Moving from 'mobile-first' to 'thing-first,' Canadian smartphone maker BlackBerry has been transitioning to become a software and services company for years, the path it has taken since its handset empire has been overtaken in the market by Android and iOs devices.
It’s focus this time: providing secure access to the Internet of Things (IoT).
This year, it appears to be moving faster and closer to this new corporate core. In September, it launched BlackBerry Spark, an Enterprise of Things (EoT) platform, which it said is “built for ultra-secure hyperconnectivity from the kernel to the edge.”
It said this platform will allow original equipment manufacturers (OEMs) to “make complex things” such as autonomous vehicles and industrial equipment securely.” The bigger claim, however, is that it would “allow people to use and trust any hyperconnected thing.”
BlackBerry envisions its EoT to work in diverse fields, including healthcare, human resources, transportation, financial services, and government.
Early this month, new partnerships and milestones were announced to push forward with this EoT vision.
First, it launched an operating system for secure medical devices, QNX OS for Medical 2.0, which it said is meant for developing robotic surgical instruments, patient monitoring systems, infusion pumps, blood analysis systems, and other safety-critical products that must pass stringent regulatory approval.
It also announced that its carrier-grade network operation center (NOC) will power a blockchain digital ledger, provided by ONEBIO, to create an ultra-secure global ecosystem for the storing and sharing of medical data.
To leverage these resources in real-industry settings, BlackBerry has partnered with the Mackenzie Innovation Institute (Mi2) to drive innovation in healthcare through research, education, and training.
Richard Tam, Chief Financial Officer of Mi2, said the two organizations will focus on comprehensive security, patient privacy, and intelligent connectivity.
“By developing a deeper understanding and exploring how our ‘smart’ systems operate with BlackBerry Spark, we aim to uncover new ways to connect, protect and intuitively manage smart technologies in a hospital and positively impact high-quality patient care,” Tam said.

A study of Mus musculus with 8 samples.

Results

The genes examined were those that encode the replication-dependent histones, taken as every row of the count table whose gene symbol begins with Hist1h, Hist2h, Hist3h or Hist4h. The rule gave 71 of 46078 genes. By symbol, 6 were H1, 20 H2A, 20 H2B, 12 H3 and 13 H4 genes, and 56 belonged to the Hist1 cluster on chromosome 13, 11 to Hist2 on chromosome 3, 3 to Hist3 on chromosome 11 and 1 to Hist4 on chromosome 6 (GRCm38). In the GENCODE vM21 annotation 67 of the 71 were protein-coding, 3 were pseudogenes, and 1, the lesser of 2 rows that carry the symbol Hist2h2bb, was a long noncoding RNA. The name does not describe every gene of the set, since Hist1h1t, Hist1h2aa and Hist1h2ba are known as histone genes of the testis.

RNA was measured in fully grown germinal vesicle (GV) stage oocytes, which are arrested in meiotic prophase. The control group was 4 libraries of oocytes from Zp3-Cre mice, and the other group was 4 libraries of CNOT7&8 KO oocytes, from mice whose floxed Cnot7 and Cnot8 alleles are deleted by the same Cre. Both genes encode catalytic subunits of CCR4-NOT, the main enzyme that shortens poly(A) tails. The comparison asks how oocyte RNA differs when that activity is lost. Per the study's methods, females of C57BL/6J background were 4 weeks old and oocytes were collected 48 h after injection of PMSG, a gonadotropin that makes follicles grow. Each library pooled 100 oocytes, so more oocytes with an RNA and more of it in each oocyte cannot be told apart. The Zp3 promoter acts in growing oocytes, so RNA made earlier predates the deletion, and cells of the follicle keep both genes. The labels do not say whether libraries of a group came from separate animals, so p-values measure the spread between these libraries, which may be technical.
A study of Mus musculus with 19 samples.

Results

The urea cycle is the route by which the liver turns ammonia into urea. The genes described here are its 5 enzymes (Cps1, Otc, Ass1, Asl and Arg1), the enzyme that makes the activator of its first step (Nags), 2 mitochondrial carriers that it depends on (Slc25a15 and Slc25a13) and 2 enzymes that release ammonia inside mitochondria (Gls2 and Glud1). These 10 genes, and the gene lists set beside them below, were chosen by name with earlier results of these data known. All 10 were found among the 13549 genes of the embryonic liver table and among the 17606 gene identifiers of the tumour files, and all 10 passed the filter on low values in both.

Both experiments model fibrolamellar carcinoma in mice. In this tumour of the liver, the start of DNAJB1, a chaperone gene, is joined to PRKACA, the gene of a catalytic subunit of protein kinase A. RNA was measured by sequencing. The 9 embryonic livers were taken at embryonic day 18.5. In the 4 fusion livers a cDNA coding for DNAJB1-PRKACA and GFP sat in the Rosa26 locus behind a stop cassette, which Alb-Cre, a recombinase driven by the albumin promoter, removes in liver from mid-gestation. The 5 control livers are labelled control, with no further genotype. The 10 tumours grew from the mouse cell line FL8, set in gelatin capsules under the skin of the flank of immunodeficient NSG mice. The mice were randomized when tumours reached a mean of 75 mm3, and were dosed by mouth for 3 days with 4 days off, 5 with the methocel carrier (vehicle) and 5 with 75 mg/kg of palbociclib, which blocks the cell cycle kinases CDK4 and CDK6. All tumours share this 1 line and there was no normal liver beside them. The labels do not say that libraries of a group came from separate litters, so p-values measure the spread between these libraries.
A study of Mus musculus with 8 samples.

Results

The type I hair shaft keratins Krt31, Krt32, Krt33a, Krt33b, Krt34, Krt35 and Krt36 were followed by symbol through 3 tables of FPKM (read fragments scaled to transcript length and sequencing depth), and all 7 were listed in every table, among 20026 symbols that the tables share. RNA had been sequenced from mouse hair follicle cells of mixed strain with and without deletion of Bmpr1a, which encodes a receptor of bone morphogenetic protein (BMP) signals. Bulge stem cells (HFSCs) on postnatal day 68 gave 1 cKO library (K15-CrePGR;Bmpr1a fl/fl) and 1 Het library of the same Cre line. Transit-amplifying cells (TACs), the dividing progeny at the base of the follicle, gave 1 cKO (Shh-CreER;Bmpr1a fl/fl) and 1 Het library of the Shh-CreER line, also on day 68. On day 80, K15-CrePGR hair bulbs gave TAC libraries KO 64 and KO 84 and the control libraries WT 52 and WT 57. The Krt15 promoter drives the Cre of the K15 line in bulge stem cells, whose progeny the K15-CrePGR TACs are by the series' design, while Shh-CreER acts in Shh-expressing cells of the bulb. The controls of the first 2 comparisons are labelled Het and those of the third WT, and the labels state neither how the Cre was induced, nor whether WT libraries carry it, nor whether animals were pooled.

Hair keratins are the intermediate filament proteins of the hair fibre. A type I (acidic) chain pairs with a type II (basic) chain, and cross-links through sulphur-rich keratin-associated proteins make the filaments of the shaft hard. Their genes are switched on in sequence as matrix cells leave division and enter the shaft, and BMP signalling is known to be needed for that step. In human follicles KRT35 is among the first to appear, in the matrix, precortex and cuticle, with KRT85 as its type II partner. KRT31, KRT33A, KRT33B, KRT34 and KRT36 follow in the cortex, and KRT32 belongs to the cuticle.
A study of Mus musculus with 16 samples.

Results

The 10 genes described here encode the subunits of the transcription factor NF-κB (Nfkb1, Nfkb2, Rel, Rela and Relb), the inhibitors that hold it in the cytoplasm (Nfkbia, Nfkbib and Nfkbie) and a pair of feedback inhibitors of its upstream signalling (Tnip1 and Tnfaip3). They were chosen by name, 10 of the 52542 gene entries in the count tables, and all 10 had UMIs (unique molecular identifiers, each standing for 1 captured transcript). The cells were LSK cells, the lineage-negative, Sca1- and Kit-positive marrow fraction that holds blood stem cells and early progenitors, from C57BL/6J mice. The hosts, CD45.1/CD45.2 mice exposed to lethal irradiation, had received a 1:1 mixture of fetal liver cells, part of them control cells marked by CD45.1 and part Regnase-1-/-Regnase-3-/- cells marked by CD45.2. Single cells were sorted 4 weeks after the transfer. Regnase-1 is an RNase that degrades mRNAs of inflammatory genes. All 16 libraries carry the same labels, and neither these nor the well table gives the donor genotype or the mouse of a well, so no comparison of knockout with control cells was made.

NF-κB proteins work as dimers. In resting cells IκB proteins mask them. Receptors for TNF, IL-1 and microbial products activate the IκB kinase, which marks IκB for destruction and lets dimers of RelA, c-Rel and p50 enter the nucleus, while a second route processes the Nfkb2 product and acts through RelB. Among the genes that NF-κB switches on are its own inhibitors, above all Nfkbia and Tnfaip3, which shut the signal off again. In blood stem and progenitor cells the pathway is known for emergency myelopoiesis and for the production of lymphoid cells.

Another partnership unveiled was its collaboration with the Melanoma Institute Australia (MIA) to advance skin care research.
Under the agreement, scientists and doctors in different hospitals can use BlackBerry Workspaces to save and share data from medical histories and clinical trials to assess the effectiveness of treatments and interventions.
Ernie White, Chief Information Officer of Melanoma Institute of Australia, said that any new technology must support its clinical journey as it expands its research network.
Managing IoT endpoints may be the core focus now of the Ontario-based BlackBerry, but it has yet to nail solid long-term growth.
For the quarter ending on August 31, 2018, BlackBerry reported revenues of just $214 million, primarily because of the continued fall of its legacy device business. Software and services, however, brought in $197 million, just around 1 percent from a year ago but still a substantial 92 percent of the business.
John Chen, Executive Chairman and CEO of BlackBerry, affirmed in a media statement that the growth was driven by sequential growth in the BlackBerry Technology Solutions and Enterprise Software and Services business.
The outlook moving forward is further software and services revenue growth of between 8 to 10 percent year-over-year.